Replace A/C when replacing furnace?

I live in San Diego. House is 1600 sqft. My furnace is a 23 year old Day&Nite 80,000 BTU unit. It uses a 3 ton split system air conditioner, also 23 years old.
The A/c sees very little use and is working fine. The furnace is getting cranky and I would like to replace it.
Is it necessary or advisable to replace the a/c compressor and coil when I replace the furnace?
Is there any cogent need to replace even the coil? After all, there is no wear/tear on the coil. Can I just replace the pan under the coil when I replace the furnace?
I realize that a new A/c compressor and coil would be more efficient but we only use the a/c during an occasional hot spell, maybe 10 days a year.
--

Walter
The Happy Iconoclast www.rationality.net

23 years old! Yea I would replace it. Considering where you are it may take a while to get your money back, but you are going to save a good percentage on the cost of running it. I suspect if you factor in the potential for breakdowns, and the expense and possible lack of available parts, you may actually be ahead a lot sooner.

26 + 6 = 1 It's Irish Math
In stuff like this, labor is a big part of the installed cost. They are gonna have the whole thing apart and the a/c discharged anyway. Especially considering how small modern furnaces are- the HVAC guy would probably have to kludge up something complicated to make the old A/C properly fit onto the new furnace. Not to mention how to integrate it into the control system. Definitely, replace it all. Even if the payback in energy costs will be decades, most of the money should be recovered when OP or their heirs sell the house. A young furnace/AC is a big sales point.
aem sends...
By what you say --- I would change the furnace out and let it go. You only have one thing to change the A/C out for and that is failure and lost of A/C during the hot times. now with only 10 days or so as your failure time is cut way down.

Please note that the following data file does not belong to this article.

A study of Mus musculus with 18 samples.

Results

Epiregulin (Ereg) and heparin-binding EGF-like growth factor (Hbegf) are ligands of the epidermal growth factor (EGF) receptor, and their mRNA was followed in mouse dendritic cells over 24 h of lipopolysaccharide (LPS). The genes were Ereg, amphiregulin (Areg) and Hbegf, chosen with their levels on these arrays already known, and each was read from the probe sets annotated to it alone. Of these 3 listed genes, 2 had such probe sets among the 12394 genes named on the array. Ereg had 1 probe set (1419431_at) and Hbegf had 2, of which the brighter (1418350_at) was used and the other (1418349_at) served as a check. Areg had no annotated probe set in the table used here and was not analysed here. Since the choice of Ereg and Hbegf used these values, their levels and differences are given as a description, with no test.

TURTLE
Stretch
As of January 2006, 13 SEER efficiency will be the law of the land for AC's. IF (caps intended) you don't replace it before then and it goes out after January 1, 2006, you'll have to pay considerably more for the 13 SEER equipment.
Your call.

also

Just a clarification: As of Jan. 2006 only 13 SEER or above can be MANUFACTURED, but anything manufactured before this date can still be sold. So, lower SEER equipment will still be available for awhile.
You can replace the outdoor unit (or not) at your leisure.
Of course, I can't see it from here. I'm going strictly by my experiences in Rochester, NY. Which might not be relevant in your area.
VS or variable speed can run on a Humidistat Thermostat offered by Carrier and Lennox and maybe others, that can be set to run at a very low fan speed to remove double the humidity on days when cooling is not the real issue but humidity is, this feature could lead to you using the AC much more than 10 days a year to lower just humidity with minimal cooling if that is an issue in your area. In heating mode you could run on low-fan, low fire for more even heat, and air circulation through the air filter. VS DC can take 2/3 to 1/2 the electric power of non VS DC for running the fan normaly and even less on low, 1/4 the power.
Your old units blower fan is probably much less efficient than any new unit and you will have electric savings in winter as well, but more with VS DC. VS DC are more prone to failure so a 10 yr warranty, normaly offered as an option would be necessary.
Get a load calculation in writing , from who ever you deal with, if your heat and AC are oversized now proper sizing will give better comfort winter and summer, especialy summer in humidity removal. To large an AC and you cool but remain clamy, to much Btu heat and a to big a blower and you heat to fast and uneven.
Humid areas realy need good humidity removal.
There are many good air filters out there that were not avalaible years ago, that not only filter better on first pass air but last longer due to their total size, so instead of monthly or so replacement it is yearly.
Electric and gas is not going down in price, with the proper unit sized and installed by a Pro new high effeciency equipment, and the deterioration your unit has you could save 50%-60% ++ on electric and gas in winter and 50- 80% ++ electric in summer on AC, and get more overall comfort and control in living.
There are so many comfort options offered today that did not exist years ago. At least look into them your options are endless.